The Official Vintage Guitar Price Guide 2016
Authors: Alan Greenwood and Gil Hembree
The One the Dealers Use!
You know it as the industry’s leading source of pricing information on vintage and recent-model guitars, amps, basses, effect pedals, mandolins, lap steels, ukuleles, and banjos.
Knowledge and information are vital in the dynamic world of collectible guitars and gear, and no source provides it better than The Official Vintage Guitar Price Guide. With information on more than 2,000 brands along with 1,300 photos and more than 192,000 copies sold, The Guide remains the industry’s hands-down leading source of pricing information on Guitars, Basses, Amps, Effects, Lap Steels, Steels, Ukuleles, Mandolins, and Banjos all in one book!
CLICK HERE to order 2015 Price Guide.
*The 42-Guitar Index includes: Fender: 1952 Precision Bass (blond), 1952 Esquire (blond), 1953 Telecaster (blond), 1956 Stratocaster (sunburst), 1958 Jazzmaster (sunburst), 1958 Telecaster (blond), 1960 Stratocaster (sunburst), 1961 Jazz Bass (sunburst, “stack knob”), 1962 Jazz Bass (sunburst, three-knob), 1963 Telecaster Custom (sunburst), 1963 Esquire Custom (sunburst), 1964 Jaguar (Lake Placid Blue), 1964 Precision Bass (sunburst), 1966 Stratocaster (Candy Apple Red).
Gibson: 1952 ES-5 (sunburst), 1952 Les Paul Model, 1954 Les Paul Junior, 1958 EB-2 (sunburst), 1958 Les Paul Custom, 1958 ES-335 (natural), 1958 Super 400CES, 1959 Les Paul Junior, 1959 J-160E, 1961 ES-355, 1961 Les Paul SG, 1964 Thunderbird II (sunburst), 1965 EB-3, 1969 Citation (sunburst).
Martin: 1931 OM-28, 1936 00-28, 1935 D-18, 1944 000-28 (scalloped-brace), 1944 D-28, 1950 D-28, 1958 000-18, 1959 D-18. 1959 D-28E, 1962 D-28, 1967 GT-75, 1968 000-18, 1969 N-20, 1969 D-45
“I love cool vintage guitars – who doesn’t? When I want more information about the guitars I have – or guitars I wish I had – I go straight to The Guide
. It contains accurate, detailed information with tons of good pictures, as well as listings for amps, effects, lap steels, and even banjos. You just can’t go wrong with it!” – Grant Geissman, jazz/session guitarist, Emmy-nominated composer
“Oh yeah! The Guide
is the go-to resource – not only for the highly informative and accurate info on vintage instruments, but also because it’s great for obsessive viewing and drooling over those ‘Someday, I’ll find one of these’ items. It’s like a toy catalog for grown-ups! I learn something new each time I read it.” – Shane Theriot, Grammy-winning arranger, solo artist, and musical director for Hall & Oates band and “Live at Daryl’s House”
“I’ve been buying, selling, and trading guitars, amps, and all sorts of musical merchandise since 1968. Sure wish I’d had the information available in The Guide
that whole time. It’s absolutely the best reference available today to get pricing information that you need for your buying, selling and trading.”– Dewey Bowen, Freedom Guitar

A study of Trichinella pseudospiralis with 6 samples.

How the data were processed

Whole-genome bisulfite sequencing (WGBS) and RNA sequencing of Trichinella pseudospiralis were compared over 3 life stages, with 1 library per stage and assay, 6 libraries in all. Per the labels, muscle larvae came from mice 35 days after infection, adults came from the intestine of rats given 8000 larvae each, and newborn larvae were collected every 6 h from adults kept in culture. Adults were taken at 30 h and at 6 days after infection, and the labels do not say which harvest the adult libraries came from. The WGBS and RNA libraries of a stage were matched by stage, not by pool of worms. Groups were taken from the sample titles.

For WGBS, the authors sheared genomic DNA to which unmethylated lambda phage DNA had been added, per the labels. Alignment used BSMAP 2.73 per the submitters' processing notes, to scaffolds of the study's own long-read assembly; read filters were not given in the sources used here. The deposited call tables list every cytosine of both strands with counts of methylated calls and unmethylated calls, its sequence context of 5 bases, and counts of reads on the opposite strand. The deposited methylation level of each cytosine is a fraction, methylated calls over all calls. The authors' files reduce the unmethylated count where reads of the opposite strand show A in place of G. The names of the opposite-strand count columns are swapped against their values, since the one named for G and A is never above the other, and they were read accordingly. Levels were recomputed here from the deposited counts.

“Guitar enthusiasts enjoy passionate discussions about how values have fluctuated throughout the years, and The Guide
is a wonderful resource for such information. My favorite part is reading about the company histories, especially the smaller ones we normally don’t hear about, or are no longer in business. Everyone should own a copy to expand their knowledge.” – John Majdalani, Cream City Music
“In an ever-changing world of vintage-instrument pricing, The Guide
– now 25 years in production – stands as the best resource of its kind, providing a good starting point for collectors and listing spot-on, realistic values. It’s a highly valuable resource for the seller and buyer alike.” – Stan Werbin, Elderly Instruments
About the Authors
launched Vintage Guitar
magazine in 1986. Vintage Guitar
is the largest monthly publication for guitar collectors, enthusiasts, and dealers. He also publishes Vintage Guitar
Online at www.VintageGuitar.com, the free email newsletter VG Overdrive
, VG Acoustic
, and VG Signal Chain
, and The Official Vintage Guitar Price Guide
which he started in 1990. His collection includes several vintage instruments from the ’20s to the ’80s, as well as newer production and custom-made guitars, amps, effects, lap steels, and ukuleles. He lives in Bismarck, North Dakota.
began collecting guitars in 1966 while working at Kitt’s Music, in Washington, D.C. Familiarity with the professional musicians playing on Georgetown’s M-Street allowed him to dabble in early buy-sell, but his academic interest in finance led to a corporate job in Michigan. Throughout his financial career he played in bands and searched for original-owner vintage guitars in Flint, Saginaw, Bay City, Port Huron, Pontiac, Battle Creek, and Kalamazoo. In 2000, freshly retired from corporate finance, he became the co-author of The Official Vintage Guitar Price Guide
. In 2007, Hal Leonard released his biography of Ted McCarty: Gibson Guitars: Ted McCarty’s Golden Era: 1948-1966
. After residing in Michigan for 35 years, Hembree and his wife, Jane, relocated to Austin, Texas.